Bowie Resources looking to add reserves at Bowie No. 2 mine

The U.S. Bureau of Land Management on July 2 issued for public comment a draft environmental assessment on the Spruce Stomp coal tract, which Bowie Resources needs at new reserves for its Bowie No. 2 longwall mine in Colorado.

Bowie Resources and its principals, by the way, made a recent splash with an announced plan to buy Arch Coal’s (NYSE: ACI) three underground mines – Skyline, Dugout Canyon and SUFCO – in Utah. Bowie said at the time that most of the Bowie No. 2 reserves are dedicated to serving a contract with the Tennessee Valley Authority.

Bowie No. 2 is located about 5 miles northeast of Paonia in Delta County, Colo., along the North Fork of the Gunnison River. It is served by a Union Pacific branch rail line that also serves Oxbow Mining LLC’s Elk Creek longwall mine, and Arch Coal’s West Elk longwall mine (Arch has said it plans to keep West Elk).

The Spruce Stomp lease-by-application (LBA) area is immediately adjacent to existing federal coal leases at Bowie No. 2. The Bowie No. 2 mine, first developed by coal operator Larry Addington, has been in operation since November 1997. It is capable of producing approximately 5 million tons of coal annually, though it hasn’t worked back up to that level yet after getting out early this decade of a problem geology area that slashed production. U.S. Mine Safety and Health Administration data shows that the mine produced 937,890 tons in the first quarter of this year and 3.4 million tons in 2012.

Bowie holds approximately 11,730 federal lease acres and around 1,696 acres of fee coal. The “Proposed Action” under the draft EA is for the National Forest Service (NFS) to consent to the BLM to lease the NFS lands with conditions for use and protection of non-mineral interests. The Proposed Action is also for the BLM to issue a federal coal lease for the Spruce Stomp LBA tract (approximately 1,789 acres).

The Spruce Stomp LBA contains an estimated 8.02 million tons of federal coal reserves in the lower-B seam. While other coal is present in the LBA tract, the BLM Tract Delineation Report does not consider the other seams as economically minable given a variety of reasons. The tract is bounded on the south by currently leased federal coal and on the east by unminable (thin) coal (unleased). It is assumed that the coal would be transported to market using the existing coal handling facilities and existing spur rail line.

The government assumes that coal in the lower-B Seam would be extracted from longwall panels trending northwest-southeast. The foreseeable mine operations plan in the Spruce Stomp LBA tract is a northward expansion with new longwall panels planned from the existing lease to the south.

Tract holds less than two years of coal for this mine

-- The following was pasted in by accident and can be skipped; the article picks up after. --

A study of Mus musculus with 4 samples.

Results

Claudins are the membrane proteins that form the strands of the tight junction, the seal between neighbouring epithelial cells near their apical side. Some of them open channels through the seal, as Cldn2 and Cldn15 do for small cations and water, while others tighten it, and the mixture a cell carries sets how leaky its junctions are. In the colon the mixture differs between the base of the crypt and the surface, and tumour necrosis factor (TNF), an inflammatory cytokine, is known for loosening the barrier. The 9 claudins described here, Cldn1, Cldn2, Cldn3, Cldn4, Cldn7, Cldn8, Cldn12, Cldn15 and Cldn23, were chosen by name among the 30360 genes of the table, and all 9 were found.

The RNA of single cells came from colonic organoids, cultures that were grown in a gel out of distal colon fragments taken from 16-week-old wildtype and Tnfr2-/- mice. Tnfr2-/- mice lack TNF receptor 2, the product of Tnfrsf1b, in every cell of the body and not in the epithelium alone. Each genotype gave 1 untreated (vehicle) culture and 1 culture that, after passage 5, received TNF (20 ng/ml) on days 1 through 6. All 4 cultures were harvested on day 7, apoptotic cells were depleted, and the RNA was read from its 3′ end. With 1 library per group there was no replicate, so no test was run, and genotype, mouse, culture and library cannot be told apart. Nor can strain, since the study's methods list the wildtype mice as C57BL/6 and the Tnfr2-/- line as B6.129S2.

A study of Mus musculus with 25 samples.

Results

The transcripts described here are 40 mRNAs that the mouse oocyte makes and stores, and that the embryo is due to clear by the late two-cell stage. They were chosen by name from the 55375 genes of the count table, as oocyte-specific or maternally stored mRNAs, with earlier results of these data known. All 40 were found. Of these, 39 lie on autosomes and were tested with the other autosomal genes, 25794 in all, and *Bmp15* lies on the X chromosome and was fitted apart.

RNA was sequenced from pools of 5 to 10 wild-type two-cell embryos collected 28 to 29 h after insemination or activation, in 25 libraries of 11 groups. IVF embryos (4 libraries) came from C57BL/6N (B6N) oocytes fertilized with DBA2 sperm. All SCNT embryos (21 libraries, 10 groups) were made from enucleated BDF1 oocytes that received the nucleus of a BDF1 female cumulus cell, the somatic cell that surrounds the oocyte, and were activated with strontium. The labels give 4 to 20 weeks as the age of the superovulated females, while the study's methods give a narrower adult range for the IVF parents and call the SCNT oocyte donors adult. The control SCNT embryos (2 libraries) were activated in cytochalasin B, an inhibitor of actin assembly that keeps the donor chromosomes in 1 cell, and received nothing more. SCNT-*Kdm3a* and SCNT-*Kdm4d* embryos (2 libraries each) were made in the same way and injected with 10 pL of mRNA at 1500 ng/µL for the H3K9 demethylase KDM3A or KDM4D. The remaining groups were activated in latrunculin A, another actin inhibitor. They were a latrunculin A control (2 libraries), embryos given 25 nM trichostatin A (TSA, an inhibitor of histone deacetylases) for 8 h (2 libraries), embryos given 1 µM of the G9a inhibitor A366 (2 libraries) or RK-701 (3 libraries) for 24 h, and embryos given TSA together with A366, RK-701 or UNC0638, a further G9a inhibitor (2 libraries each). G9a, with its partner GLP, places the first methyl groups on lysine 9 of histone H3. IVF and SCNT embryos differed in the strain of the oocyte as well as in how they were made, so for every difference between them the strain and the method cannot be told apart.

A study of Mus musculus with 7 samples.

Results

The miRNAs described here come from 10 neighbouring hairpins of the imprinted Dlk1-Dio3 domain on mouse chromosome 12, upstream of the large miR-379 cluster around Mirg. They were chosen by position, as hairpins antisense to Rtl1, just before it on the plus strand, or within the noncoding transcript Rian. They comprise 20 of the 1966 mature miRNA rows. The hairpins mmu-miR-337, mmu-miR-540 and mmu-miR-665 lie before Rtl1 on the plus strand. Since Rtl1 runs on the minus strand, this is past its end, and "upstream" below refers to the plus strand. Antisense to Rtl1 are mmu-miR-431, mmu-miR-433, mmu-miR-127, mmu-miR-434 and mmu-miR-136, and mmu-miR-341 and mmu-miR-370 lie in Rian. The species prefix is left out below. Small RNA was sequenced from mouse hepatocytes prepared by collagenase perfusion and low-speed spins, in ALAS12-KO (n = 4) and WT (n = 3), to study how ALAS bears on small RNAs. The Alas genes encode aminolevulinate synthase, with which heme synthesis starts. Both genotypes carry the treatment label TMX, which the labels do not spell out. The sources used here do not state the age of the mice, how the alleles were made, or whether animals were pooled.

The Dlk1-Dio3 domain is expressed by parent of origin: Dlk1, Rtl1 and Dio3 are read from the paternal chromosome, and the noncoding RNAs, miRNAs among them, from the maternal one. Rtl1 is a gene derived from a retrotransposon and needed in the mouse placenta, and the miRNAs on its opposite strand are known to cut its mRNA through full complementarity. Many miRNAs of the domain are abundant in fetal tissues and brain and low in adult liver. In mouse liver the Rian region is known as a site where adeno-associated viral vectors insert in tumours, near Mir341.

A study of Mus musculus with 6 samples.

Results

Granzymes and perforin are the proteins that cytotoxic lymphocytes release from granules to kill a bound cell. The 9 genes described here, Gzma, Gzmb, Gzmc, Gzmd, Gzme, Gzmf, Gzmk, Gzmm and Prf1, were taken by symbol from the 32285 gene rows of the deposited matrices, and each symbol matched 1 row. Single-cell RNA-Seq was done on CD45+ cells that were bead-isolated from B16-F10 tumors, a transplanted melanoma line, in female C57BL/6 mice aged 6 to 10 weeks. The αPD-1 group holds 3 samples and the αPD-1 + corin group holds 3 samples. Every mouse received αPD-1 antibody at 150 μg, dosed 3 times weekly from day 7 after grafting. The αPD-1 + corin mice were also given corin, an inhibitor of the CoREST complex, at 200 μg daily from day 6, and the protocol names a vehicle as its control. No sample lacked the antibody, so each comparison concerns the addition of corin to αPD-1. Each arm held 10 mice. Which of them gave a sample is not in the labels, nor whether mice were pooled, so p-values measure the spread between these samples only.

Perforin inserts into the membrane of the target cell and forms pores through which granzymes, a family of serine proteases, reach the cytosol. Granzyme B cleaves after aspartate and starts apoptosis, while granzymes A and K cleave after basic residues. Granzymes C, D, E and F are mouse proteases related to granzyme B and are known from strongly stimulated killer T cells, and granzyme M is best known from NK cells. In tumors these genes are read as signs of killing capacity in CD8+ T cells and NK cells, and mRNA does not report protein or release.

The tract represents about 16 to 18 months of coal reserves based on the rate of mining currently employed at the Bowie No. 2 mine. The lower-B Seam coal in the tract would be mined from about 2015 to 2019. Some variations to these timeframes may occur based on permitting, unforeseen mining or geologic circumstances, coal contract variability, etc.

The federal plan assumes a longwall panel configuration that would mine under West Terror Creek. Overburden depths in the LBA tract for the B-seam range from about 950 feet in the southeastern portion under Terror Creek but gain overburden rather quickly, climbing out of the drainages to the north and west to 2,300 feet.

The draft EA also touched on actions for the future for all three mines (and one possible future mine) along the North Fork of the Gunnison. The reasonably foreseeable future actions are:

  • Oxbow Mining (Elk Creek mine) was granted a 786-acre LBA with surface disturbance of approximately 5.63 acres on public lands and a 157-acre coal lease modification.
  • Oxbow has submitted a lease modification of the East Elk Creek lease, requesting to add about 364 acres of NFS lands to its existing lease.
  • Mountain Coal (Arch Coal subsidiary, West Elk mine) applied to construct, operate, and reclaim up to 159 E Seam methane drainage well (MDW) sites that would support 171 individual MDWs, and use or construction of about 26.1 miles of roads are in the final process of approval. Lease modifications would add approximately 1,700 acres to the West Elk mine. BLM is currently evaluating an exploration plan on these lease modifications.
  • Oxbow Mining (Oak Mesa Project–coal exploration license) submitted a proposal to drill 43 exploration drill holes on private and federal lands into federal subsurface holdings. The entire exploration area covers about 13,873 acres. This would be brand-new, possibly longwall mine to the west of Bowie No. 2. Bowie No. 2 is actually between Oxbow’s existing Elk Creek mine and Oak Mesa reserve area, with rail access to any Oak Mesa mine to be through the same UP rail line that serves the existing mines.
  • Bowie (Bowie No. 2 mine) was granted two lease modifications adjacent to current leases to the north under private and public lands. They add approximately 502 acres.
  • Bowie (Bowie No. 2 mine) applied for an LBA area adjacent to current leases to the north under private, national forest and public lands and is in the first stages of National Environmental Policy Act (NEPA) analysis.
About Barry Cassell 20414 Articles
Barry Cassell is Chief Analyst for GenerationHub covering coal and emission controls issues, projects and policy. He has covered the coal and power generation industry for more than 24 years, beginning in November 2011 at GenerationHub and prior to that as editor of SNL Energy’s Coal Report. He was formerly with Coal Outlook for 15 years as the publication’s editor and contributing writer, and prior to that he was editor of Coal & Synfuels Technology and associate editor of The Energy Report. He has a bachelor’s degree from Central Michigan University.